ETF Trends CEO Tom Lydon discussed the SPDR S&P Retail ETF (XRT) on this week’s “ETF of the Week” podcast with Chuck Jaffe on the MoneyLife Show.
This ETF offers exposure to the U.S. retail industry, a targeted sub-sector of the consumer discretionary space that may appeal to investors looking to bet on increased consumer consumption in the domestic market. XRT is probably too targeted for any investor with a long-term buy-and-hold strategy but may have appeal for those looking to implement a sector rotation strategy or overweight high beta corners of the U.S. market.
As the economy is on a stronger pace towards being reopened and life returns to normal, once the downtrodden plays like the retail sector are bouncing back. XRT is up 16% on a 1-week return; and up 44% on a YTD return. In comparison, the S&P 500 is up 4.5% on a 1-week return and up 5.3% YTD. There are still relatively attractive valuations, despite recent run-up as well.
With a growing optimism for retail, vaccine efforts and fiscal/monetary stimulus are fueling bets of a return to economic growth. Retail is seen as a recovery play after the post-pandemic rebound left this sector in the dust for much of 2020. Hopefully, retail can capitalize on pent-up consumer demand. To stay competitive, many traditional retailers have enhanced their online presence and improve the eCommerce shopping experience during Covid.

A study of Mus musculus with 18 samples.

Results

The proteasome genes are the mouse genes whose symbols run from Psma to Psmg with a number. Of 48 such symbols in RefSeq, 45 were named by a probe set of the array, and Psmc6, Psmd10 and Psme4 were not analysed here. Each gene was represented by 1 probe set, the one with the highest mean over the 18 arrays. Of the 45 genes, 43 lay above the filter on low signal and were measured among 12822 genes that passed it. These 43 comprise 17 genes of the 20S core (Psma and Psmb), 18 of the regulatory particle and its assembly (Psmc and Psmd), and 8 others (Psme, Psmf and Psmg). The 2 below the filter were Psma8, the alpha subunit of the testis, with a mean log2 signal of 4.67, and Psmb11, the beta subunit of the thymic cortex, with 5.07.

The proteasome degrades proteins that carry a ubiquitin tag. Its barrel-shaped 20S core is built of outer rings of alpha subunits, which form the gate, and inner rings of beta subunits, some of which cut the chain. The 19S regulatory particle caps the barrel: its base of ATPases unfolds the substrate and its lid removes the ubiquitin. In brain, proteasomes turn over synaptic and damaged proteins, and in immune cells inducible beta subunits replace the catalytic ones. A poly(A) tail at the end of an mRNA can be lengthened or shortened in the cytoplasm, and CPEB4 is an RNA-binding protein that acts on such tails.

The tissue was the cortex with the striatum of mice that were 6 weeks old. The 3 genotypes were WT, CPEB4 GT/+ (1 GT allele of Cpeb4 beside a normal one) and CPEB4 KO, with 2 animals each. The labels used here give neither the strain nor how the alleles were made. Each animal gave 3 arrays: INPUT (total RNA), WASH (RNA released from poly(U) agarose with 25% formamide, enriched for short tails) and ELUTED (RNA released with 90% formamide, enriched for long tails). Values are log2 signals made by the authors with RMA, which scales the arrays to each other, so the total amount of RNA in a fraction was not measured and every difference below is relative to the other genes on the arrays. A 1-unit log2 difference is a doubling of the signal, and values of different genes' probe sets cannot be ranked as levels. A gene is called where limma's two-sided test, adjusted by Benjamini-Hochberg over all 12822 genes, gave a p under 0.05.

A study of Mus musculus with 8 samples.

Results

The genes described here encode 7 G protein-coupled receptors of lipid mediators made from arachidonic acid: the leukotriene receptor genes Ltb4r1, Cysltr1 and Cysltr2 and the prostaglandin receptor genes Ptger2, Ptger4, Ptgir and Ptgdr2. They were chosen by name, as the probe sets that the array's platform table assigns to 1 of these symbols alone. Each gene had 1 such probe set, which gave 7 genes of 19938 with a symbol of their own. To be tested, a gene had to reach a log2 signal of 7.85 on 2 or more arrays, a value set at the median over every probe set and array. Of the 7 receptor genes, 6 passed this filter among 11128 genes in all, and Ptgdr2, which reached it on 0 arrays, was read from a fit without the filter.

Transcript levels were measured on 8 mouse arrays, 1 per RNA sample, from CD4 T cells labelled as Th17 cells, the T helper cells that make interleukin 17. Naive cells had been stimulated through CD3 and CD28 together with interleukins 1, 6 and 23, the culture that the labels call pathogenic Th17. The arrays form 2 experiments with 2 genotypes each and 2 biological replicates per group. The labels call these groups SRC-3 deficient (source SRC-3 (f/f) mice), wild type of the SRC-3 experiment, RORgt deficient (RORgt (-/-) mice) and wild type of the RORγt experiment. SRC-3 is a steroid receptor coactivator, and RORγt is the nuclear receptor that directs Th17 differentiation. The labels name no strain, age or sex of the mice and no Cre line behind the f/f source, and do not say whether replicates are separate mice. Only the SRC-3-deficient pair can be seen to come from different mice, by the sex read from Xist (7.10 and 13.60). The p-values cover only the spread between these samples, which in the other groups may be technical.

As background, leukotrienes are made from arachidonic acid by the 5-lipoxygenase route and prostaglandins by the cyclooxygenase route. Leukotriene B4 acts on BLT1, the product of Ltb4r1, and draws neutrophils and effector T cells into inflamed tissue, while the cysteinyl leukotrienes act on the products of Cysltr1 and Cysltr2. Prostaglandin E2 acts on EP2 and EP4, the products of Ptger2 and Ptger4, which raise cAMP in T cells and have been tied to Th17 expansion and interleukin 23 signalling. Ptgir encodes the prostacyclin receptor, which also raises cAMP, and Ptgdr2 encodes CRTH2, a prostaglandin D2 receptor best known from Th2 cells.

Retail Sales Rebounding
Retail sales are expected to grow this year between 6.5% and 8.2%, amounting to more than $4.33 trillion in sales, the National Retail Federation said in its annual forecast. The U.S. economy is expected to see its fastest growth in more than two decades. While eCommerce grew due to the Covid pandemic and shut-in orders, traditional retail is still a large part of the economy. NRF forecasts eCommerce sales will grow between 18% and 23%, to between $1.14 trillion and $1.19 trillion in sales.
Additionally, as Americans become more comfortable traveling again and attending social gatherings, more money will be spent on services, which normally account for 70% of consumer spending. According to research from S&P Global Market Intelligence, foot traffic to malls was already improving late in the summer despite the pandemic, with outdoor malls faring best even then, according to research from S&P Global Market Intelligence.
Currently, GameStop (GME) makes up 14.7% of XRT’s holdings. GME shares are up 1,280% YTD, contributing to XRT’s gains this year. GameStop’s record-setting rally caused GME’s weight in XRT to climb to 20%, which is a far cry from the video game retailer’s original weight of around 1%. The retail ETF follows a modified equally weighted indexing methodology.
GameStop’s meteoric rise may be attributed to a Subgroup of the Reddit community called WallStreetBets that has effectively cornered a segment of the market in a bid to target outsized institutional-sized investors with a huge short position on the company. If enough people pile into a single stock, the prices rise rapidly. While this is normal for any security, GameStop also has a huge short interest or people betting on the stock’s fall. As GME’s price rises too quickly, short-sellers may be forced to buy back into the position to cover their losses – a short squeeze.
Listen to the full podcast episode on the XRT ETF:
For more podcast episodes featuring Tom Lydon, visit our podcasts category.